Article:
A new type of digital speed camera will be switched on at a busy road tunnel in east London on Thursday.
Mobile speed cameras will help tackle road deaths
Six of the cameras, which can log the speed of two cars simultaneously and can send images down a phone line, have been installed in the Limehouse Link.
Surveys by road safety campaigners found 50,000 of the 80,000 drivers using the tunnel each day ignore the 30mph speed limit.
In the last three years 18 people have been killed or seriously injured there and another 63 have suffered minor injuries.
Regular speed cameras can not be used because the 1.8 kilometre tunnel, which links the City to Docklands, would have to be closed at regular intervals to take out the film.
The new cameras do not need servicing, do not run out of film, and can send out fines within 24 hours.
The digital images can be encrypted and sent to a Metropolitan Police centre in Kent.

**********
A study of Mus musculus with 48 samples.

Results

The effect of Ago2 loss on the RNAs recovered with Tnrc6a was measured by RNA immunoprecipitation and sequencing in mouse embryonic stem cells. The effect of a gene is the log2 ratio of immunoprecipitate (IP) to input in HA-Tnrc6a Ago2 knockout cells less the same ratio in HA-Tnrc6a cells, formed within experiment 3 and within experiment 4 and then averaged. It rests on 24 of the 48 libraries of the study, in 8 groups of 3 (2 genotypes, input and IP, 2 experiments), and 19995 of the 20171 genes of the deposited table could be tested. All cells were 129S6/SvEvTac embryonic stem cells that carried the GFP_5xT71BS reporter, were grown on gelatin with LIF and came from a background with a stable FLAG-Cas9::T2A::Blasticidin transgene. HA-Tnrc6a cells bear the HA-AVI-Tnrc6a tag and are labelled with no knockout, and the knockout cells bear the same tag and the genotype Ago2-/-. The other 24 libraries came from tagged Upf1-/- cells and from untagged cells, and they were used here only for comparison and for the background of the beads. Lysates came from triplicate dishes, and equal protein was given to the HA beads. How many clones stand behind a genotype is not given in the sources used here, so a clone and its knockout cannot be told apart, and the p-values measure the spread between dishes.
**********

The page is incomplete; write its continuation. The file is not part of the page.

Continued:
The London Safety Camera Partnership says the cameras are being introduced to "reduce casualties, not to increase offences".
They say since cameras were installed in July, drivers have begun to slow down.
Edmund King, from the motoring organisation RAC said speed was not the only cause of accidents and cameras did not pick up drunk drivers or tail-gaters.
But Bob Gayle, whose son was killed in a crash 4 years ago, said speeding was one of the "crucial factors" determining whether crash victims lived or died.
He told BBC London: "I hear these stories about it being a way for the police to raise income and so on and it is absolute nonsense.
"This is a way of improving road safety for all of us. Each one of us is responsible for other people on the road as well."